My paternal great grandmother, Bessie May Schuster, was born in 1897 and was mighty short.
The family record says her grandfather was “always a Republican but has never held office, nor was he a member of any church.” In 1904, when she was 7, her young mother died, I think of disease. Bessie May had a rural education and the books say she “worked out” until her marriage.
In 1916, at age 19, Bessie May Schuster married John Lent, a member of the Church of Latter Day Saints (Mormon) and a farmer who was much taller and 9 years older. They created a life together on a farm in Mid-Michigan.
On August 18, 1920 (95 years ago today), at age 23, Bessie May got the right to vote through the passing and ratification of the 19th Amendment to the U.S. Bill of Rights.
In 1921, she had her first child, who died a few days later. In 1924 and 1926, she gave birth to her two living children, including my grandfather, who quit school after eighth grade to work the farm.
In the 1920s and 1930s, she kept voting and cutting out excerpts from the newspaper including…
Married in gray, you will go far away.
Married in black, you will wish yourself back.
Married in brown, you will live out strong.
Married in red, you will wish yourself dead.
Married in pearl, you will live in a whirl.
Married in green, ashamed to be seen.
Married in yellow, ashamed of your fellow.
Married in blue, he will always be true.
Married in pink, your spirits will sink.
Married in white, you have chosen right.
and Depression-era economic news:
Ordinary business prudence suggested that the causes be definitely located. / Recent investigations have shown that the two great sources of loss to the postal revenues are second-class mail matter and rural delivery.
In 1942, Bessie May’s daughter got married, and a year later, her own father was accidentally killed while crossing the street.
In the 1950s-60s, her son and his very-Catholic wife moved their family to the inner-city because of his work at the automobile plant. Young Stevie Wonder was the neighbor. Bessie May’s grandchildren (including my father) became among only a handful of White students at a predominantly Black inner-city school.
Bessie May and John remained out at the farm. She never used a bank again, and kept the family dollars and bonds stuffed in boxes, mattresses and whatever she could hide well. Her grandboys (my dad and uncle) would return every summer to work the fields.
The grandkids grew up, some graduated high school, all married and moved as close to the ‘burbs as they could afford. In 1966, Bessie May and John had a big hoopty-dee-doo for their 50th anniversary.
In 1976, John died and she stayed independently at the farm and hired local guys to plant and harvest the corn and beans.
In April 1978, two months before I was born, Bessie May (age 81) clipped this from the local paper and kept it in her scrapbook, pasted among the hundreds of birth, death and marriage notices…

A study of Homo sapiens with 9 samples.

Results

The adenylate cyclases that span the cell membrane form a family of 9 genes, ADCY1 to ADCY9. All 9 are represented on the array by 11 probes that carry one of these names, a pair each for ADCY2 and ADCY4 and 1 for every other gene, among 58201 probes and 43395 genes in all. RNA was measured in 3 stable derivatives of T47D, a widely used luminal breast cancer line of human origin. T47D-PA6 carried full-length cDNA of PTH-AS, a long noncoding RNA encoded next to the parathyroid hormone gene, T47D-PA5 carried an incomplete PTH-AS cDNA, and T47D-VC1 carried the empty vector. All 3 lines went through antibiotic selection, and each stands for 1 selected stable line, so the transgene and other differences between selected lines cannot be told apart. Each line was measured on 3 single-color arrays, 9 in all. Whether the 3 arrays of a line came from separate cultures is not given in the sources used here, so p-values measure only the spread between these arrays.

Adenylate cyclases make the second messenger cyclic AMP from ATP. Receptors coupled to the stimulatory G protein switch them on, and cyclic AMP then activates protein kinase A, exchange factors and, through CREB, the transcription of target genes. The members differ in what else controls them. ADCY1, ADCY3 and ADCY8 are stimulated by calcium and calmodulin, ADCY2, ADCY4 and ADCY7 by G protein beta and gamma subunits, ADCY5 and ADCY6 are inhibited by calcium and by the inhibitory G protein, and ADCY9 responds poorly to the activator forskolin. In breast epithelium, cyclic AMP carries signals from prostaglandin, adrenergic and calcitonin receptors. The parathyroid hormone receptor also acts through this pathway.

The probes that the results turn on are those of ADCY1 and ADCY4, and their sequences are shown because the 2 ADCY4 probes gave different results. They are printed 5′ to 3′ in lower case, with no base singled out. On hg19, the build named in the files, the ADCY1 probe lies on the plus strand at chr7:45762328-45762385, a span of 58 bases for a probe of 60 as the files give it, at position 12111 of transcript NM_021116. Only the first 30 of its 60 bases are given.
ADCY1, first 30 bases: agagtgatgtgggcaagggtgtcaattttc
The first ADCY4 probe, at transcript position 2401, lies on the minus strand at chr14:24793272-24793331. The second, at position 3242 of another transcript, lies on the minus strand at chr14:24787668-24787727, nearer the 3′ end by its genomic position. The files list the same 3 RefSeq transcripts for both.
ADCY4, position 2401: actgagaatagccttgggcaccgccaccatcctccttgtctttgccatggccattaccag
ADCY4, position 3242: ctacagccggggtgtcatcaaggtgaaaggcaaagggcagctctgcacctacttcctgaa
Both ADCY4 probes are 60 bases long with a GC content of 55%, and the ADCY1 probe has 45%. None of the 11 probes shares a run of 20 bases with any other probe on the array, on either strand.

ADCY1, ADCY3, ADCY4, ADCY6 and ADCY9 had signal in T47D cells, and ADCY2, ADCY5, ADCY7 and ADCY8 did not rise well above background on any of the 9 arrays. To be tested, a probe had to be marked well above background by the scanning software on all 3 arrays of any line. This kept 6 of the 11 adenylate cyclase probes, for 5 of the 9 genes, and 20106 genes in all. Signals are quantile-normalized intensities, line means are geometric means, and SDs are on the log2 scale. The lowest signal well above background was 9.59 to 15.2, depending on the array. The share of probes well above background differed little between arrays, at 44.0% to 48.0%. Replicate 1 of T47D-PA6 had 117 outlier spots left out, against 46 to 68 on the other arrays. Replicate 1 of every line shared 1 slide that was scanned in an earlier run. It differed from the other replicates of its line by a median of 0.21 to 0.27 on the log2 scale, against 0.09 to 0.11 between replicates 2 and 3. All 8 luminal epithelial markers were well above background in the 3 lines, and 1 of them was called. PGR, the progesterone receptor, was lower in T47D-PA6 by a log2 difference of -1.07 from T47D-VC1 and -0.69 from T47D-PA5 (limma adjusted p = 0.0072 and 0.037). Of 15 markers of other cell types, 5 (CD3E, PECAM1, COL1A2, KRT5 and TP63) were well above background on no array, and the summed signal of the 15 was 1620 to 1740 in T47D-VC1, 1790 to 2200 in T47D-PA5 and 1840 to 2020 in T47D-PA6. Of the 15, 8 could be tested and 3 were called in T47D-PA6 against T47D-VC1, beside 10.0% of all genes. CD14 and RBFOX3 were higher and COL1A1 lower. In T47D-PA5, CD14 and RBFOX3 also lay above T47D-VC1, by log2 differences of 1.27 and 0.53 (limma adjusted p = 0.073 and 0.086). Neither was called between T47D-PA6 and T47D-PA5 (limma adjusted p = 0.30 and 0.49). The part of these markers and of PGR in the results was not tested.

As a farmer’s wife, I wish to express my thought’s on high food prices. The first point I would make is — the farmer does not have a word to say about the price he receives for the products he raises on his land. Supply and demand is one factor and weather and sales to other countries are other factors. We cannot say “I want such and such a price as I have this much money in invested in producing whatever I have for sale.” We take what is offered. This may be only the beginning of what is to come. How many of our young boys will stay on the farms? Food companies have already gained control in the broiler and egg industry. Huge feedlots are forcing small feeders out of business. / There must be a way to live in harmony. After all, we are all cogs in the wheel which makes our existence possiple. – Mrs. John Bohil of Oakley, Michigan
In the 1980s, rumors started to surface of abuse inside the family. Sexual, physical, or mental, I was never sure. We saw this side of the family rarely, but I did like “Little Grandma” very much. There were struggles with finances and trust amongst my dad’s siblings and parents, which would start to heal during the weddings and funerals to come.
In 1987, at age 90, Bessie May hoped to attend the Michigan Peace March for Global Nuclear Disarmament.
The Michigan Peace March for Global Nuclear Disarmament (from Sault Ste. Marie on May 31 to Detroit on August 9) is not a spectator event! We need the participation of everyone who wishes to stand up and be counted. We are asking for 1. Test Ban, 2. Nuclear Weapons Freeze, 3. Reduction to Zero, and 4. Economic Conversion. No one is more intereted in protecting you and your loved ones than you are. Your particular view of the world, the things you can do, the people you know, your work — all make you able to work for global nuclear disarmament in your own special way.
In 1988, when I as 9, her Alzheimer’s became severe. I didn’t know much about her and thought her to be a poor farmer, probably uneducated, definitely not political.
My grandparents moved back in with Bessie May at the farm. Together, they became hoarders to a jaw-dropping level. My grandparents had her join them in the National Campers & Hikers Association -Family Campers & RVers (FCRV) and Golden Agers Club.
In 1996, she walked away and roamed the countryside looking for her cows. She was found down the road, curled-up, nearly naked. I was a freshman in college out-of-state.
They put a bell on the door to hear if she ever left the house again.
In 1998, at age 100, Bessie May Schuster Lent died.
In August 2015, I found her scrapbook unearthed a treasure of inspiration, thanking the 19th Amendment for what it unearthed in both our lives.